Call for council backing on quake-insurance tribunal
A Christchurch City councillor pushing for an independent insurance tribunal hopes the council will back his bid.
Cr Glenn Livingstone said yesterday that he would seek councillors' approval at Thursday's meeting for a letter to be sent from the council to the Office of the Insurance Ombudsman. The letter would formally request the establishment of a special tribunal in Christchurch to deal with earthquake-related insurance problems.
Livingstone, who represents the hard-hit Burwood-Pegasus ward, said far too many people in Christchurch were battling with their insurance companies and unable to reach agreement on what should happen with their homes.
Some had been told they might have to wait up to five years for a decision; others that it could be seven years before their home was repaired.
"That's not on," Livingstone said. "People deserve better than that."
The Wellington-based Office of the Insurance Ombudsman was geographically too detached from the situation, he said.
A Christchurch-based tribunal, similar in nature to the Weathertight Homes Tribunal, would provide residents with a more accessible and timely means of redress.
"We need to hold private insurance companies to account. People have paid their premiums in good faith and they deserve to have their claims dealt with fairly and promptly," Livingstone said.
WeCan lobby group spokesman Mike Coleman said: "People are going to be waiting year upon year to get assessed. Something needs to happen, and the only way we can do it is for a commission to have some statutory power to assess the EQC [Earthquake Commission] and insurance companies and hold them to account."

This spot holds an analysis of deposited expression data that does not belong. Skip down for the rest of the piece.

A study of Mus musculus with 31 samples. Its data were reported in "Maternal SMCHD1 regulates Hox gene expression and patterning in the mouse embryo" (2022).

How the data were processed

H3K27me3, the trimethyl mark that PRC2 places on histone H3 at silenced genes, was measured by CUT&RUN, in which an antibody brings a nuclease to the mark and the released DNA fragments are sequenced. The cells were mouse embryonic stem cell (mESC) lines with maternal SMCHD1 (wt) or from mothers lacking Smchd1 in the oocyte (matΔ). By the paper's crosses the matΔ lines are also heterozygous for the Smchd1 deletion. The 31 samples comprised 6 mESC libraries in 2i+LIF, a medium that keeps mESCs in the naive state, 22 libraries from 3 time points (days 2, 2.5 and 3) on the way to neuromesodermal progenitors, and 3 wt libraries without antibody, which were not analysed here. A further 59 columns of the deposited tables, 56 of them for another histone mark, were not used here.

Insurance Ombudsman Karen Stevens said she had yet to be convinced of the need for a tribunal.
It was unclear who would administer it and who would insure its independence, she said.
"It is a very well-intentioned idea, but what concerns me is who will end up paying for it."
Her office was monitoring the situation in Christchurch and was not averse to establishing a permanent office in the city, but she did not believe it was necessary at this stage.
"Most of the insurers that belong to our scheme hope to process most of their claims by the end of the year," Stevens said.
It was only once claims had been settled and people had exhausted all their insurance company's internal complaints procedures that the Insurance Ombudsman's Office could get involved, she said.
The Insurance Ombudsman has fielded 644 inquiries from quake-hit residents concerned by the behaviour of their insurance company. Only 33 of those inquiries resulted in formal complaints and investigations.